How Having a Sober Playlist Helps Me Kill Cravings
It’s a low-effort, high-impact trick I use whenever I want to drink
Picture it: it’s 7 p.m. — you’ve been sober for a few days, weeks, months and you feel like you definitely 200% have a handle on it this time. You can have, no deserve to treat yourself to a cocktail, beer, glass of wine, or two. Or ten. You’re quietly and ashamedly worried that you might fail at moderating — like you have done so many times before. Take a beat, close your eyes, make a conscious effort to feel present in your body, and attempt to quiet the noise.
Listening to music can (and in my personal experience, will) reduce stress levels and encourage the relaxation response.
I have always made playlists centered on a particular song, months/times of the year/holidays, new relationships, breakups, losses, for studying, for dates, for game nights… so why not have one for when I need to remember why I got sober in the first place — and why I want to stay that way?
It’s easy to look back on drunken nights and romanticize the good parts… but as with any breakup, it’s critical to recall an old partner’s negative and toxic traits.
For me, when the anxiety sets in and I hear my intrusive thoughts loudly making excuses and attempting to convince me that “it will be different this time” — it helps me to listen to someone else.
The Avett Brothers
This has always been #1 for me when I want to imbibe. Other than “saying things I don't want to say and doing things I don’t want to do,” the emphasis on the next day’s hangover is a good reminder. We only have so many days and when they are wasted, in pain on the couch, vomiting, or unable to eat it upsets me to think about how I treated my body. For a temporary escape, I would sacrifice a day.
And as they say, “Maybe I don’t have to be good but I can try to be at least a little better than I’ve been so far.” Baby steps. The effort alone is worth celebrating.
But when I drink
I spend the next morning in a haze
But we only get so many days
Now I have one less
Just do your best
Bridgers has been vocal about her father’s alcoholism and even named Al-Anon as inspiration for her latest album, Punisher. While her songs aren’t about her struggling with addiction or sobriety, I also grew up with an alcoholic parent — and it’s nice to hear grappling with that in a song.
With Scott Street, I remember shower beers. I remember how so much of my life centered on acquiring booze and planning my whole day around it. Kyoto is about a strained relationship with a parent claiming to have gotten sober — and while I, personally, don’t have any children… I don’t want my friends to think of me that way. I don't want them to always half-wait for me to fuck shit up again and fail. I want to stay sober for myself, but also for those that love me.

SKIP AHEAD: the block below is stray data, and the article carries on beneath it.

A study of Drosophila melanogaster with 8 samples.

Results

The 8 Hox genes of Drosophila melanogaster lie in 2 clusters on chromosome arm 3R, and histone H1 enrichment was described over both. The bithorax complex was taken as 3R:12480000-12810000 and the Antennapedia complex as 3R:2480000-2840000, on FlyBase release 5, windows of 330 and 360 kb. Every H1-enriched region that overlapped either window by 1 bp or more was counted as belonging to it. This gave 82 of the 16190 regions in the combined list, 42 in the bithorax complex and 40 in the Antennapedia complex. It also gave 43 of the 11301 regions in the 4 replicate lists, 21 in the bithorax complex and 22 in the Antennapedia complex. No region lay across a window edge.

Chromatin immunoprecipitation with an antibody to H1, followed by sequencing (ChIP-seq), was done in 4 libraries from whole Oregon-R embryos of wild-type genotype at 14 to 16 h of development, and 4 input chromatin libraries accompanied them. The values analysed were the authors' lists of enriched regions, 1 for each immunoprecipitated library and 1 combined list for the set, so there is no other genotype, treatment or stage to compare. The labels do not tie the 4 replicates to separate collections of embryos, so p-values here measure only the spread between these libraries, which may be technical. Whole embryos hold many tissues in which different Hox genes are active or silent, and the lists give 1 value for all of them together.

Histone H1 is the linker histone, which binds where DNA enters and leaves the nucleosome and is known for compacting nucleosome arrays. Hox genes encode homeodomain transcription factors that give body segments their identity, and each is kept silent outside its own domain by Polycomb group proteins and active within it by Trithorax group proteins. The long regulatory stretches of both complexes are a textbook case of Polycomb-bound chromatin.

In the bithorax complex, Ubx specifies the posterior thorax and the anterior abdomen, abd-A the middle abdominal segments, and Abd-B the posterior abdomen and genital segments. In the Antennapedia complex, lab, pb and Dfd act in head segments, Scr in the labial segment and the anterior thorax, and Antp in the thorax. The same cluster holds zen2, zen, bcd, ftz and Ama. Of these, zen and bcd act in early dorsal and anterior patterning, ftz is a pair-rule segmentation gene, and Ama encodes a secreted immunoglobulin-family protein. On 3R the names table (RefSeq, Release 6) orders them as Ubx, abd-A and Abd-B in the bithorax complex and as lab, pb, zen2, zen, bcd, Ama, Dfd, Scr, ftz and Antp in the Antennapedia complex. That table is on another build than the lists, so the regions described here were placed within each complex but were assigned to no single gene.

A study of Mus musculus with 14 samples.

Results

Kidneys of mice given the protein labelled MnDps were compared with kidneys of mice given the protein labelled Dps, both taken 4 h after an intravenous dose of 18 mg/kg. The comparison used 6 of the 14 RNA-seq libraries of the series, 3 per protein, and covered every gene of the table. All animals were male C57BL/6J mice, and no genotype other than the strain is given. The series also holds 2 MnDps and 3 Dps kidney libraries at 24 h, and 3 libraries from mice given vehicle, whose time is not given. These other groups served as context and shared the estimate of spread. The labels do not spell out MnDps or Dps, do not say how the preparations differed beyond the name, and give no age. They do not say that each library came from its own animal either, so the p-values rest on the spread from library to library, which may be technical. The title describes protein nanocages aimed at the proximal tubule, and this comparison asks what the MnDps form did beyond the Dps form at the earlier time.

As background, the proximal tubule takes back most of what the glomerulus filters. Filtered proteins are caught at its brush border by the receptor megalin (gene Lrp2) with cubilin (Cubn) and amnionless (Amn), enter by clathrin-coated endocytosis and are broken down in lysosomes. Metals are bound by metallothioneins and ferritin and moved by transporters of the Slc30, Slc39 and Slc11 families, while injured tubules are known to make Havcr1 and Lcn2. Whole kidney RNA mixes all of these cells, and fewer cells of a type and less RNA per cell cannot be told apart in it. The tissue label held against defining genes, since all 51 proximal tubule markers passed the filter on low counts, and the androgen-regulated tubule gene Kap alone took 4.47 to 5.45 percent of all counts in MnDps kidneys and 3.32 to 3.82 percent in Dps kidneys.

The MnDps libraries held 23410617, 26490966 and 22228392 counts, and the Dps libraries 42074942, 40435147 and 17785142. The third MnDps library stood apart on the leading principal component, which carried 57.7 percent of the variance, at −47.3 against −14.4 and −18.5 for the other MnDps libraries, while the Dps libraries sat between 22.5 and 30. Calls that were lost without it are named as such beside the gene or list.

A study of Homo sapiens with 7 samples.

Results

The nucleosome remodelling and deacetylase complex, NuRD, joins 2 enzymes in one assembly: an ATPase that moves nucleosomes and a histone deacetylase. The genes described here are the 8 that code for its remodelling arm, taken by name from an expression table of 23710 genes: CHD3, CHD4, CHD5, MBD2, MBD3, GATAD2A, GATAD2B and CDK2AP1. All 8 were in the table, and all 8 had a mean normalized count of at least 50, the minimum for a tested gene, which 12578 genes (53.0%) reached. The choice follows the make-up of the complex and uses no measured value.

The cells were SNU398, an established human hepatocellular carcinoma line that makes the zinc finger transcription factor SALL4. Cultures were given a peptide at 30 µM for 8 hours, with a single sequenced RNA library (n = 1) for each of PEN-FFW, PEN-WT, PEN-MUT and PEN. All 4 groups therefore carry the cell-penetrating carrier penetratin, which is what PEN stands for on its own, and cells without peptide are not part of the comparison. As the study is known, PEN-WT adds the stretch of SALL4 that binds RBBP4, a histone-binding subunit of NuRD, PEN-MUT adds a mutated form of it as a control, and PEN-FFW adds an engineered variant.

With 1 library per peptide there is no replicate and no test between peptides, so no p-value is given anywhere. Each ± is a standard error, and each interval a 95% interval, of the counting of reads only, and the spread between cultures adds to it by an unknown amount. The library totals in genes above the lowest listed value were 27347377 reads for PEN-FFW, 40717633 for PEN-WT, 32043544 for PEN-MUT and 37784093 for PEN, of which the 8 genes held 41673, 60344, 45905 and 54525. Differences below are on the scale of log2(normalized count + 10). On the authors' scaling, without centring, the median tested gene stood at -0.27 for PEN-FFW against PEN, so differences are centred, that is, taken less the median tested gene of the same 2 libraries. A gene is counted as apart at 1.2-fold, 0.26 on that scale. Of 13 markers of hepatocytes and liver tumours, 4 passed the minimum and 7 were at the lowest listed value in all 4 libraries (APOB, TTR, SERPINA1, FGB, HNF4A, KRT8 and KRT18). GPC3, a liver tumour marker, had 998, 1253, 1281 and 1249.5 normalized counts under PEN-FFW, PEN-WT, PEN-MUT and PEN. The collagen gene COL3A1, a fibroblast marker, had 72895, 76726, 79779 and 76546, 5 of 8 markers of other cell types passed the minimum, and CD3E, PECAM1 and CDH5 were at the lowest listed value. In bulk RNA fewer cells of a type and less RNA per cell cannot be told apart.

Walking Scott Street, feeling like a stranger
With an open heart, open container
I’ve got a stack of mail and a tall can
It’s a shower beer it’s a payment plan
They still got payphones
It cost a dollar a minute
To tell me you’re getting sober
And you wrote me a letter
But I don’t have to read it
Bitch Media published an amazing article in July of this year on how Liza Anne found community in vulnerability on her latest release, Bad Vacation. She both has gone through Adult Children of Alcoholic meetings and begun her own journey with sobriety early this year, celebrating 100 days in February.
This is a similar journey to my own and her voice and experiences feel so familiar. Not listed below is the line “I think I’ve kissed too many of my friends to make a sober decision” and …. yeah, same. Been there, done that, got the t-shirt.
With I Shouldn’t Ghost My Therapist, I remember how I was really a half-friend to those around me. I had my own issues to figure out and imbibed to avoid that. With Desire the lyric “It always starts with good intentions” hits me right in the gut every time.
And now I’ve hurt the ones I care about
Because I don’t know how to stop
I can’t keep going on like this
Gonna run away all my friends
Desire feels like too much tequila
And I’ve had plenty
There’s a part of me that knows when party leads
Maybe I should just go home
It always starts with
I think I want it
Oh no I really want it
Oh god I really need to calm down
Santino Fontana/Crazy Ex Girlfriend
Greg’s sobriety journey is amazing and hilarious. One of the many Crazy Ex-Girlfriend musical numbers to magnify and destigmatize mental health is Greg’s “Drinking Song.” Whenever I’m feeling a bit blue about not drinking alcohol, this song always makes me smile.
While some can enjoy
A scotch with a steak
Or one glass of wine
Then they’re barely awake
For me it’s much different
What happens when
I try to have one, it just turns into ten
Another playlist that has been helping me lately:
I am rooting for you! Whether you are just taking a break or want to quit for good, you are stronger than you think you are.
If you have a song you love about sobriety or struggles with substance abuse, please leave it in the comments.